Hype alert – Web 2.0 Marketing is a paradigm shift but only a portion of the market is using it today. In Part 1 I argued that market trends should be pushing you to use social networking, blogs, wikis, and the other tools of Web 2.0 in your marketing mix. Given the uneven adoption of these tools in your customer base you will be managing a mix of the old and new for quite some time. So think of it as expanding your paradigm.
Before we go on I want to add to what I said in Part 1. There is one additional reason for doing all this that is specific to the education market. Most teachers are isolated in their classrooms – they yearn to have their voice heard and to be part of a larger community. The asynchronous nature of most social media are ideal for meeting this need. It is one of the reasons there are so many education groups already on Ning.
So what does this “paradigm expansion kit” look like? Here are five ways of thinking like a Web 2.0 Marketer that you can add to your toolkit.
Idea #1 – You can’t do this on your own. The value from Web 2.0 is other people talking about your products. For people to do this they need a context where they are comfortable interjecting their voice. Many companies believe that they can build their own walled garden so that they can control it. But customers want Switzerland – a neutral zone where they can get useful information – not company controlled spin. Your first goal is to become a trusted player in the larger on-line community. Join and support the networks that are out there and blend your network into it rather than trying to go it alone.
Idea #2 – Web 2.0 Marketing is a process not an event. You manage it the way you would any other process – with a sustained commitment to continuous improvement. This breaks the paradigm of a lot of event driven marketing. You don’t manage your personal relationships this way (“I sent my wife an email last week – don’t need to worry about talking to her for a while….”) and you can’t build on-line relationships with customers this way either. This is a budgeting challenge because you have to dedicate resources to managing your on-line presence. My suggestion is to look at some of the most expensive items in your budget (trade shows, advertising, etc.) and dial back on them as you dial up on Web 2.0 activities. Smaller newer companies should start here and add the other elements as they can afford them.
Idea #3 – It is about authentic conversations. When you engage on-line speak as yourself. This is not a new and improved way to push your spin into the world. People will sniff out on-line phonies and expose them. Ridicule is not going to help your brand identity – particularly if it shows up in Google. A positive example of how to do this is Randy’s Journal – the blog of Boeing’s CMO. He speaks from a personal rather than corporate voice. Marketers are welcome to the conversation if you add value and contribute expertise. Oh – and don’t spam bloggers with press releases – it just annoys them. Make comments on their articles or phone them up and talk.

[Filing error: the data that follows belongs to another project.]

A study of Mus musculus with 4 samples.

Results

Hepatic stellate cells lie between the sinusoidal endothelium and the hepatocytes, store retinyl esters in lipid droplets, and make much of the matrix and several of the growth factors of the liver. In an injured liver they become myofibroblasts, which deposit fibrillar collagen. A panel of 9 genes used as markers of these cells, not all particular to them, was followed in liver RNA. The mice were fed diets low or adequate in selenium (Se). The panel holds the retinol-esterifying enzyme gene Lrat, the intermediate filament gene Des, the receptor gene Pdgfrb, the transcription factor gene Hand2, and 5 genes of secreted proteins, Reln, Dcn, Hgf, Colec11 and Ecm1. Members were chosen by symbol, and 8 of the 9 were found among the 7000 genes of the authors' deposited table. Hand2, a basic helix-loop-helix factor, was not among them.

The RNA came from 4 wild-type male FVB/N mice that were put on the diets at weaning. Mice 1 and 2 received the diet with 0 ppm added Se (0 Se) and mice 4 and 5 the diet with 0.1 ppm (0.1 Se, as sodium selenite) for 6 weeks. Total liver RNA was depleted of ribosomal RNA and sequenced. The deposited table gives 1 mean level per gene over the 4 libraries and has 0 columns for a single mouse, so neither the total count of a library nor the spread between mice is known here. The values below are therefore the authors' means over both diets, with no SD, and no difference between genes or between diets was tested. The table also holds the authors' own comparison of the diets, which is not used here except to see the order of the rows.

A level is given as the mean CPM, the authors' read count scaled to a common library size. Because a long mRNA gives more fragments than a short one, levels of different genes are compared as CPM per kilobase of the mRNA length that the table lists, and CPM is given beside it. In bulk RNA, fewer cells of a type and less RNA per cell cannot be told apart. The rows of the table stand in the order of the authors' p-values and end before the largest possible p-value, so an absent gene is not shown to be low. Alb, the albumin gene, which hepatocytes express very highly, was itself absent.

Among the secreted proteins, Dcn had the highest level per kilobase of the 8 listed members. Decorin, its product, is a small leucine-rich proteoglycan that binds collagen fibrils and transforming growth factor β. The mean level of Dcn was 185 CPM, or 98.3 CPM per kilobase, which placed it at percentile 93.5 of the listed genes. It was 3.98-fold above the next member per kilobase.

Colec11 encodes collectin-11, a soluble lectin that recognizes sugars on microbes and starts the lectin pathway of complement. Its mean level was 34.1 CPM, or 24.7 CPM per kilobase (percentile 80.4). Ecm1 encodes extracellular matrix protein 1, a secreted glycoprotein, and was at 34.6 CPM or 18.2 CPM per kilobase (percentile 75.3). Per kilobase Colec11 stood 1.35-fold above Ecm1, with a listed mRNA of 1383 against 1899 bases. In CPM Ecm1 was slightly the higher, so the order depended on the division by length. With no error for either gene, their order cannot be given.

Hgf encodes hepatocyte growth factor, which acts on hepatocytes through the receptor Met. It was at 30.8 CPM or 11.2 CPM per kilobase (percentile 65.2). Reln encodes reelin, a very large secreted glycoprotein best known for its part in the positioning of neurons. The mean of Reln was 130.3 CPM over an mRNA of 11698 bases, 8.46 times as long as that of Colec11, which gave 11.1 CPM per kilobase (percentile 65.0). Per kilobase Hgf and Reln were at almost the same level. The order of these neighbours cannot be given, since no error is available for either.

Idea #4 – Web 2.0 should be embedded in your products. Seth Godin in his latest tract – “Meatball Sundae: Is Your Marketing out of Sync?” – makes the point that most companies try to graft Web 2.0 approaches onto existing products and services with predictably disappointing results. Consider this – on-line gamers spend 1 hour reading about the game on companion websites for every 2 hours playing. That is because the companion sites have been encouraged to develop as part of the games’ ecosystems. Imagine what your customers would be saying about your curriculum content if students were showing similar levels of engagement. For more ideas on how to do this see my article 10 Ways to Build Instructional Products for 21st Century Skills.
Idea #5 – Set your expectations correctly. Social media sites are hugely popular as measured in total traffic, but fewer than 1% of your customers will probably be contributing participants. If you expect everyone to comment and contribute you are going to be disappointed. You are trying to reach the influencers who will help spread the word. Overhyping the participation rate in order to get a project funded is a time honored tradition at many education publishers – but in this case since actual participation is so easy to measure it will ultimately undermine your project.
Some of this probably looks like common sense, some of it may look a little weird. My strong suggestion is that in order to understand how to use these tools for your company you need to first use them for yourself. Next in this series we’ll look at some ways you can get started with social media.